Video offers peek at ultra-wide Large Synoptic Survey Telescope - Tuesday, January 16, 2018, Engadget
The biggest digital camera on Earth takes shape - Wednesday, January 17, 2018, The Daily Mail.com
Giant telescope comes up in Chile with 3.2-gigapixel camera - Thursday, January 18, 2018, International Business Times
The World’s Biggest Telescope In The Chilean Desert Is Almost Complete - Friday, January 19, 2018, Wonderful Engineering
November 9, 2017 - At CAID Industries in Tucson, the Surrogate Mirror has now been mounted to the Primary/Tertiary Mirror (M1M3) Cell. This is a significant milestone for both the Surrogate Mirror and for the M1M3 Cell, allowing the start of the next phase of integration: installing the figure actuators.
July 7, 2017 - Programming provided by LSST for Asteroid Day Live, a 24-hour broadcast about space and asteroids that aired on June 30, is now available on the LSST YouTube channel. You can also find the LSST videos, along with all the other Asteroid Day Live programming, on the Asteroid Day Live website. Read more about LSST’s participation in Asteroid Day 2017 in this blog post from last week.
June 28, 2017 - Again this year, LSST will participate in Asteroid Day, a UN-sanctioned global day to raise awareness about asteroids and in particular how we protect Earth from potential asteroid impacts. Asteroid Day 2017 takes place June 30th and is sponsored by the B612 Foundation, an American-based non-profit organization created to protect the Earth from dangerous asteroids through early detection. More than 700 events in 190 countries around the world are planned for Asteroid Day in 2017, including Asteroid Day Live, a global 24-hour broadcast about space and asteroids, beginning at 6:00 pm PDT on June 29th. LSST was proud to be selected as a participant in this first-ever broadcast event; video footage featuring LSST will air at 11:00 pm PDT on June 29th. This video will also be available on our YouTube channel and in the LSST Gallery after the event.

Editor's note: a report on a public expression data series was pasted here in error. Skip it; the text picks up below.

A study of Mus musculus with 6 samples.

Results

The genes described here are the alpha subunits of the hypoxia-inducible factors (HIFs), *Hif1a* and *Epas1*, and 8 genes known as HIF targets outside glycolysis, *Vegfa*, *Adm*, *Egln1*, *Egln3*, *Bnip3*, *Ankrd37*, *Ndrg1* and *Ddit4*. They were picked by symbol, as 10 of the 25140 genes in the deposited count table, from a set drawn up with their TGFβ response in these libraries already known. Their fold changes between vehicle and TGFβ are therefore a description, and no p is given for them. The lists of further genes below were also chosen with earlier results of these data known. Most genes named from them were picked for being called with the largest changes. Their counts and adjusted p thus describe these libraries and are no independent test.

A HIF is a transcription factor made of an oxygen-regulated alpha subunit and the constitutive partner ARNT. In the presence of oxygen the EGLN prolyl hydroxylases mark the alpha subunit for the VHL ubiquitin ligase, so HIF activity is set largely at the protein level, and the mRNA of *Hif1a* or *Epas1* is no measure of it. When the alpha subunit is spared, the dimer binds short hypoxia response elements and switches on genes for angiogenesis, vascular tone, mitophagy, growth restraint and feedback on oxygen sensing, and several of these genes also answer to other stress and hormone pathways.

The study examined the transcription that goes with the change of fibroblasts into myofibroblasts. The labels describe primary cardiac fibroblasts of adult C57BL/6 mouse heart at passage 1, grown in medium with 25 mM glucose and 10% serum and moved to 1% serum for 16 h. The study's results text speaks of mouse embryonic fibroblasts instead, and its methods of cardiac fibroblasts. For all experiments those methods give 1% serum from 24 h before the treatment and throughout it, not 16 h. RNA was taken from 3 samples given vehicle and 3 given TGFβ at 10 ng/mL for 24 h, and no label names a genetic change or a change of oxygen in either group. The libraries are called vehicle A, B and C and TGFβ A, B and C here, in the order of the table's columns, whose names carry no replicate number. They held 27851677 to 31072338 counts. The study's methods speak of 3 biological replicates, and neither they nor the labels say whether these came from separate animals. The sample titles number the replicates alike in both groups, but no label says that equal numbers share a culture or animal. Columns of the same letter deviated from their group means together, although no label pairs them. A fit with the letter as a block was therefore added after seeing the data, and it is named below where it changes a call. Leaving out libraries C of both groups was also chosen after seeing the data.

Although the chance of a large asteroid hitting Earth is small, the consequences would be catastrophic. At Congress’s direction, NASA has supported a ground-based program to identify Near Earth Objects (NEOs) larger than one kilometer in diameter. But even an asteroid smaller than that could cause significant damage to Earth, so it’s also important to identify as many of these as possible. LSST will help detect millions of asteroids that are too small or too far away to be viewed through currently available telescopes. You can read more details about how LSST will help detect Potentially Hazardous Asteroids (PHAs) here.
Detecting asteroids is not only important for planetary defense, but also for understanding more about the composition and evolution of our Solar System. By scanning the entire night sky in the Southern Hemisphere, and recording images of the same area approximately every three nights, LSST will provide information that will help astronomers determine an asteroid’s size, composition, and orbit. Even asteroids that will never come near Earth can provide us with valuable clues about the formation—and the future—of the Solar System.
We hope you’ll participate in Asteroid Day 2017; check with your local planetarium or science museum to see if there’s an Asteroid Day event happening near you. And don’t forget to tune into Asteroid Day Live for documentaries, live panel discussions, and an inspiring video about LSST!
The National Science Foundation (NSF) is an independent federal agency created by Congress in 1950 to promote the progress of science. NSF supports basic research and people to create knowledge that transforms the future.